How to Determine What a Property Can Really Sell

by : Dave Dinkel

Determining what a property is really worth in today's market can be challenging. Market conditions in some parts of the country seem to have house values slowly decaying every day. In a few pockets of the country house values are actually flat to rising in value but the problem of determining what a house can actually sell for at any given time can still be a challenge.

The traditional method of determining Fair Market Value (FMV) was with appraisals, still favored by lenders as the most "scientific" method of determining property values. The values determined by appraisers are based on comparable sales ("comps") in a given radius of the property. The distance from the subject house was for many years one mile but over the years it has been decreased by the lenders to 1 mile or the same subdivision, whichever is the closer to the house. An appraisal is an educated guess of what the house could sell for in a market that is not adversely affected by outside influences. Few of these markets exist now because of the lending problem and over-supply of housing inventories. Appraisals are required by lenders for financing approval on all properties.

For short sales and pre-foreclosure action, the Lenders use a Broker's Price Opinion ("BPO") which is a FMV estimate by a realtor of what the property can sell for. The realtors get paid half or less than an appraiser and the standard they use is comparable sales. Open listings and Days on the Market ("DOM") are not brought into these estimates unless there are very few comparable sales in a certain radius of the house. The over-looked values that should be included are the For Sale By Owner ("FSBO") properties that can sell at lower prices and still net out the same money because the owners aren't paying a realtor's commission and there is no way to test the motivation level of every property that's for sale. This motivation level is the culprit of declining home prices throughout the country.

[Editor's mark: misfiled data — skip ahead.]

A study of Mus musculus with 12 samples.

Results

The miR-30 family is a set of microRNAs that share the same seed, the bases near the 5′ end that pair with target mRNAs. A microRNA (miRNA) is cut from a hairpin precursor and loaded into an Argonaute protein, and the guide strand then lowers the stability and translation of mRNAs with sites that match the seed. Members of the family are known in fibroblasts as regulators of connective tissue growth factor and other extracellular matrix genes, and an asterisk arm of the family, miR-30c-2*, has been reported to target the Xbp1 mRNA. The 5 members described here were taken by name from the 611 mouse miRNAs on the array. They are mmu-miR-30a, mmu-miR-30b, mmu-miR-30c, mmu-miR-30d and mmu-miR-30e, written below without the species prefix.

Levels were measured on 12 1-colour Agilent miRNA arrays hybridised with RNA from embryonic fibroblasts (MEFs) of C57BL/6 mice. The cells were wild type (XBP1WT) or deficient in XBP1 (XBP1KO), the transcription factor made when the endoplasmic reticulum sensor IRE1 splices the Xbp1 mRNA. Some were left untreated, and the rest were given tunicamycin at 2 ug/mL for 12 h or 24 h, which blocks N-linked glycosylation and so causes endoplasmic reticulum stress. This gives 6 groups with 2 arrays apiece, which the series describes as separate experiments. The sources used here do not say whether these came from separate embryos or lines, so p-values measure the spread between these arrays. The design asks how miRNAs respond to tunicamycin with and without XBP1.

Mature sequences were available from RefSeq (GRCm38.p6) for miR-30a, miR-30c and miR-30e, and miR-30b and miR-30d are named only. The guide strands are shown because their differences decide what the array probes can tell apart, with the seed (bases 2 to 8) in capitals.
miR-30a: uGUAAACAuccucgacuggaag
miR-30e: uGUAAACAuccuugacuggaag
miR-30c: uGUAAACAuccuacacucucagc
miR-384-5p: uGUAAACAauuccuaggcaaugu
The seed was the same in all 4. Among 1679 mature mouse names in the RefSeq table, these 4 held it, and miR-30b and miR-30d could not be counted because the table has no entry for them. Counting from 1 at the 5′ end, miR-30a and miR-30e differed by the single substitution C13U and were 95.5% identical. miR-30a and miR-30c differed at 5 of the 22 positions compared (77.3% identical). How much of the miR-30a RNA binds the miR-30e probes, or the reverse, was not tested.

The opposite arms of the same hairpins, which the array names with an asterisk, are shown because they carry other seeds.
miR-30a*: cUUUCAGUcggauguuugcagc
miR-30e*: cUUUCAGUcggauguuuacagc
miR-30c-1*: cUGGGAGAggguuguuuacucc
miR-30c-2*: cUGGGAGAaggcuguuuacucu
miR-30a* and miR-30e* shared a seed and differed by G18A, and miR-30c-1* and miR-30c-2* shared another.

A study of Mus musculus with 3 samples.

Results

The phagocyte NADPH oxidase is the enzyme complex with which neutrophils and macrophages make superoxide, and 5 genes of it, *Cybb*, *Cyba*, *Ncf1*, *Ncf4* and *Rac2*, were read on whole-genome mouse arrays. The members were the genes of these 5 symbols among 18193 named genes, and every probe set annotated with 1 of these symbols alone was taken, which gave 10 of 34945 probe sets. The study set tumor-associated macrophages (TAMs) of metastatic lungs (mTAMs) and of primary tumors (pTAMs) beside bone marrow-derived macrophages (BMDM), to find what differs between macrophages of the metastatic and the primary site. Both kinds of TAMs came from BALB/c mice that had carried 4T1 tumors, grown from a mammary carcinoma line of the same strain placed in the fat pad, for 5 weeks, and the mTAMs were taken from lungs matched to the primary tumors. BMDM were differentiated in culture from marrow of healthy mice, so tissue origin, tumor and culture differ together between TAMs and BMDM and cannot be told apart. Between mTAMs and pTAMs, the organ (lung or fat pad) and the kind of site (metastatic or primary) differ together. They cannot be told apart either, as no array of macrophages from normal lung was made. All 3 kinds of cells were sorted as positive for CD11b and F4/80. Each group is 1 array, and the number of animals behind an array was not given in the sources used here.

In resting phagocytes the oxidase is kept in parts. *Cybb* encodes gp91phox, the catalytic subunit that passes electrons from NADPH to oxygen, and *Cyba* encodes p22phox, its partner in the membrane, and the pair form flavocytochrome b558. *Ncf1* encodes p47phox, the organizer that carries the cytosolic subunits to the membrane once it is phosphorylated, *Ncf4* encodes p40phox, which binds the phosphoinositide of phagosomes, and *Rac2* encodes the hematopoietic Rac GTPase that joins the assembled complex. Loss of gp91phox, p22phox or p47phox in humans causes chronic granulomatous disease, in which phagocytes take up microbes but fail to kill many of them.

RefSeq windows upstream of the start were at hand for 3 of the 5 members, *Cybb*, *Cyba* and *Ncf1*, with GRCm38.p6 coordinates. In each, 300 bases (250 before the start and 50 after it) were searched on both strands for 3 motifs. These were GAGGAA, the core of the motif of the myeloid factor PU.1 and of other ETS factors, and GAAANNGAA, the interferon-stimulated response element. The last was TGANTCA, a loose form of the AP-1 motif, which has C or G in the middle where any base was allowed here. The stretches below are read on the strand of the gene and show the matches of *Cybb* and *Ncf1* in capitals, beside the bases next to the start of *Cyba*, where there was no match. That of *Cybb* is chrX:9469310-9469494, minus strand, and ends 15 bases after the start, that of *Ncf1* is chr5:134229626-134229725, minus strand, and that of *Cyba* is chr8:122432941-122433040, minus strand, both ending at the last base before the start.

A very motivated seller will sacrifice his home to avoid making additional mortgage payments, while on the other end of the spectrum, the un-motivated seller tells every perspective buyer, "I won't take a cent less than $____". Knowing that motivation is so important how is it possible for a seller or a buyer to determine which homeowner is the most motivated?

The best and only realistic way to accurately determine what your property can sell for is to find out what your competition is willing to sell their homes for and offer a perspective buyer a better value instead of trying to beat the competition based solely on price. It sounds simple and in fact it is when you take a systematic approach to finding not only what your competition is willing to accept but also what their house looks like compared to yours. The value of this method can mean your house selling in a few days versus months, and tens of thousands of dollars more in your pocket at closing.

So to get started, you must drive the neighborhood where your house is located and write down the address and telephone number of every house that is for sale by a Realtor, bank owned ("REO"), and especially the FSBOs. Next you will need to call every Realtor or owner and ask to see the house and once you are in the house, ask what they are asking for the property, and finally, what is the best price they are willing to take for a quick cash sale. Discount these prices by another 5% to get a final overview of what your competition actually is. Using these values you should be able to tell what to sell your property for to get out the highest price possible and in the quickest time.

Recently we called on a REO listing with a Realtor with an asking price of $249,000. When pressed about what the bank would accept, we were told $189,000. In the same neighborhood, a pre-foreclosure property in a realtor's hands was offered at $259,000, but again when pressed, the Realtor said the homeowner could take the $186,000 he owed plus the realtor's commission. These two homes will probably sell way below what would be expected by an appraisal, BPO, or any method except driving the neighborhood. Before you buy an investment property, make certain you know what the underlying distress sales are expected to bring that will drastically affect your house's price.